Over a hundred years ago William Coley made the striking observation that tumours underwent spontaneous and sustained regression in patients with severe postoperative infection. This led to the finding that the body’s immune system makes attempts to eliminate cancer cells from the body – as it would any foreign invader.
As part of its attack, the immune system promotes inflammation – which is the cause of fever, pain and swelling in people who are sick or injured. But while in many people this attack by immune cells on cancer may be initially successful, sometimes cancer cells survive this onslaught, and even evolve the ability to thrive in the presence of inflammation. In fact, cancers have been described as ‘wounds that never heal’.
That inflammation can be a cause of cancer has largely stopped the use of pro-inflammatory agents, such as TNFalpha, as anti-cancer therapeutics. But interest into using the body’s own inflammatory response to fight cancer has been reinvigorated by the promising results of immunotherapies. Knowing why some cancers can be stopped by inflammation and pro-inflammatory cytokines, and why others feed on it, is critical in order to decide how to treat cancers effectively.
In new work published in Molecular Systems Biology, we have shown that the shape of breast cancer cells and their ‘microenvironment’ affects how they will respond to inflammation. By using robotic microscopy and automated algorithms to measure the shape of hundreds of thousands of different breast cancer cells – these algorithms are similar to those used in facial recognition programs used by Facebook – we asked whether there was a connection between cell shape and the activity of NF-kappaB, a transcription factor that is turned on by cells when they are exposed to TNFalpha. NF-kappaB is also a well-established oncogene and cancer driver.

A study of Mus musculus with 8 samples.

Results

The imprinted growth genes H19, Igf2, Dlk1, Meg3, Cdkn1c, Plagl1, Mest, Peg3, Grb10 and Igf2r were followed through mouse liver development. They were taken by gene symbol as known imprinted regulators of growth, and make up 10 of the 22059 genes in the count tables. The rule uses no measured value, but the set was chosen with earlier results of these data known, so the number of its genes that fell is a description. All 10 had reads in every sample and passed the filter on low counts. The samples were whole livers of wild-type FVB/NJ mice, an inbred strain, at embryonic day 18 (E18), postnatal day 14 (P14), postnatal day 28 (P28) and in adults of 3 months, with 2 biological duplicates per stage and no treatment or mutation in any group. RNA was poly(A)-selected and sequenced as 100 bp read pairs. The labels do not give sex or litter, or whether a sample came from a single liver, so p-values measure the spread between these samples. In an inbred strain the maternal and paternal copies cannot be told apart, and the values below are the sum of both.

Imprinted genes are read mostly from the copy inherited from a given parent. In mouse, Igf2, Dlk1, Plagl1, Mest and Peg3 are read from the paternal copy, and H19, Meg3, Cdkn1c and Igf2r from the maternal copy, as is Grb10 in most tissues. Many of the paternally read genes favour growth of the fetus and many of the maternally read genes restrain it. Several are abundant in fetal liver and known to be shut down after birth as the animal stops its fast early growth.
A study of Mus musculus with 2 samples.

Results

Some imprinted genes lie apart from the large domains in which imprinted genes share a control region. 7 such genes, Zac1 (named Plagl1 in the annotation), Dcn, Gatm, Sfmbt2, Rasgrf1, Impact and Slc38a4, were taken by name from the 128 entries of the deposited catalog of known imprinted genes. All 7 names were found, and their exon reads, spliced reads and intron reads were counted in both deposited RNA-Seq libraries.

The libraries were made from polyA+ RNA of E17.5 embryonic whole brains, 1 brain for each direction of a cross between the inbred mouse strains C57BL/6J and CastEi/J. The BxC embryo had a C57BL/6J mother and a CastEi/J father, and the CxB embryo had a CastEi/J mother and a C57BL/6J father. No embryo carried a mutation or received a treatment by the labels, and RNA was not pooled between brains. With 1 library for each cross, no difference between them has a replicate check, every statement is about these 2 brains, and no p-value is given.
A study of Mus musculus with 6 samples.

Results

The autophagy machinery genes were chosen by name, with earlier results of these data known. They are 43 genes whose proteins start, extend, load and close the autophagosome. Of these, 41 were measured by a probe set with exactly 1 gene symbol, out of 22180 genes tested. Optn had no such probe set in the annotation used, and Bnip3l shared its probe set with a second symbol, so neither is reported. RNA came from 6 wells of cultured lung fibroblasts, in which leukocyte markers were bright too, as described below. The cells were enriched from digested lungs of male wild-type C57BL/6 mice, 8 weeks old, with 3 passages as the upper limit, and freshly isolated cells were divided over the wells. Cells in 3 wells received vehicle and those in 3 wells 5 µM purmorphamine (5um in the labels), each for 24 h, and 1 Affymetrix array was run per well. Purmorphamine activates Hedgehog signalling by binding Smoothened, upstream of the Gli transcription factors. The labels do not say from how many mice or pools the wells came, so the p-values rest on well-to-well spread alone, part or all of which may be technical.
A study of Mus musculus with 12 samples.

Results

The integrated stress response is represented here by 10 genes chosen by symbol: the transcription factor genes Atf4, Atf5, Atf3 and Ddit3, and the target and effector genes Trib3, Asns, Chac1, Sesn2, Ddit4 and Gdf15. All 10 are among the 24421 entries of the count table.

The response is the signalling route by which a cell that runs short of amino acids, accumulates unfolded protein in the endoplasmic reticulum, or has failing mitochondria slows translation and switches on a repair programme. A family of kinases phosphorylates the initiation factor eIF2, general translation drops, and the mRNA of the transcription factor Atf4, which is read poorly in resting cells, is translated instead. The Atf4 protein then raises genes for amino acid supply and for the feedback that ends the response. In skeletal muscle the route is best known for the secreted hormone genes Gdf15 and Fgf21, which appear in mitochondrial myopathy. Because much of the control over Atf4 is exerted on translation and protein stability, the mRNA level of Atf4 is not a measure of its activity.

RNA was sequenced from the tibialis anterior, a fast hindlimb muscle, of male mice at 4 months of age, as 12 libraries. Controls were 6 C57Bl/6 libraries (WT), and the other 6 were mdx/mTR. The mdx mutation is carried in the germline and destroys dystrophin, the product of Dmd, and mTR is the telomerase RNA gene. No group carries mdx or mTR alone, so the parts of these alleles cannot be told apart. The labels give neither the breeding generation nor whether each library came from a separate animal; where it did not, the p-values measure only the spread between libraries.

We found that the shape of the cell affects NF-kappaB activation. Specifically we found that TNFapha is less effective at turning on NF-kappaB in cells that have a shape similar to normal undamaged epithelial cells. However, TNFalpha strongly activates NF-kB in cells with a different shape, such as those at the edges of tissues that have been wounded. We also found that the local environment of a cell decides how strongly NF-kB responds to inflammation. NF-kB is weakly activated in cells with lots of neighbours, but strongly activated in cells with few neighbours. This work implies that the shape of a tumour cell is an important factor is determining whether inflammation will promote or inhibit cancer progression.
Interestingly NF-kappa activity in response to TNFalpha is typically lower in ‘luminal’ types of breast cancer cells, because they have a shape that is similar to normal epithelial cells. In contrast, in many ‘basal' breast cancer cells TNFalpha induces a stronger activation of NF-kappaB than their luminal counterparts because their shape is quite different.
Luminal breast cancers are much more effectively treated than basal breast cancers, and our work suggests that differences in cell shape, and thus how cells respond to inflammation, may underlie some of the differences between basal and luminal cells.
Importantly, we found that by using mechanical, chemical, or genetic means to change cell shape, we could affect NF-kappaB activation in cancer cells. So manipulation of cell shape may be completely novel way to make tumour cells more sensitive to treatment. For example, changing cell shape may be a way to do a ‘makeover’ on tumours that thrive on inflammation, and turn them into those that can be more easily eliminated by the immune systems or pro-inflammatory compounds.